CNET: Google is many things -- but not an illegal monopoly

Perhaps no Internet leader faces as much scrutiny from government as Google, which has been the subject of a Federal Trade Commission antitrust probe for over a year. As this investigation comes to a close, the government is reportedly leaning toward suing Google before year's end. Naturally, its rivals are lobbying the feds to come down hard on the search giant.

Yet Google's critics haven't put forward a serious legal case against the company. The world's top search firm may be many things -- some of which aren't pretty -- but an illegal monopoly, it is not. >

 

CARBON TAX - MARLO LEWIS

Forbes: Carbon Tax: Will Tweedle Dum Snatch Defeat From the Jaws of Victory?

The big attraction of carbon taxes these days is not as a global warming policy but as a revenue enhancer. In both parties, deficit hawks and big spenders (often the same individuals) are flailing for ways to boost federal revenue. However appealing the creation of a carbon cash cow may seem, GOP endorsement of this agenda would be a blunder comparable to President George H.W. Bush’s abandonment of his “read my lips, no new taxes” campaign pledge.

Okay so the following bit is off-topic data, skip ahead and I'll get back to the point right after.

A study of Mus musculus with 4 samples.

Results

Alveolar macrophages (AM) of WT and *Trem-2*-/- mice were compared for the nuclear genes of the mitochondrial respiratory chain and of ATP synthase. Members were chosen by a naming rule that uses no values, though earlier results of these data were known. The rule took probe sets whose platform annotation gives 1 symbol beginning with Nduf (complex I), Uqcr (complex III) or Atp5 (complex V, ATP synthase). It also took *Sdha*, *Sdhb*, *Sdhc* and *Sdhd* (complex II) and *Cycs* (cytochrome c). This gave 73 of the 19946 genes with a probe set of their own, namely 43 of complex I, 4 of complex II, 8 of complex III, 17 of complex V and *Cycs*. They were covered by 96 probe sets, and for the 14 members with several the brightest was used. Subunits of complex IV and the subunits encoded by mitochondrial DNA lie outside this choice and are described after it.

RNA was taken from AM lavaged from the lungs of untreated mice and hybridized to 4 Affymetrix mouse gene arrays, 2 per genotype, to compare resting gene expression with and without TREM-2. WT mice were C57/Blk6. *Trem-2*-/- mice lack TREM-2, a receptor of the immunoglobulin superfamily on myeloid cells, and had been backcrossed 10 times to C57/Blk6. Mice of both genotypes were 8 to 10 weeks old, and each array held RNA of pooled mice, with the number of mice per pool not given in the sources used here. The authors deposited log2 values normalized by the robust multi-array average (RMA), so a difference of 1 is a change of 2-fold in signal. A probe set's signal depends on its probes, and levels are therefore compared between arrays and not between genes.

IMMIGRATION - DAVID BIER

Openmarket.org: Immigration Policy Should Strive For The “City On The Hill,” Not The “Deserted Town”

Opponents of human movement, also known as “immigration,” argue that if the U.S. government stops forcibly preventing foreign-born people from relocating to the United States, the wages of American workers will suffer dramatically. By appealing to economic terms — prices, wages, supply and demand — this argument maintains the illusion of intellectual credibility that merely shouting “they’re-taking-our-jobs” lacks.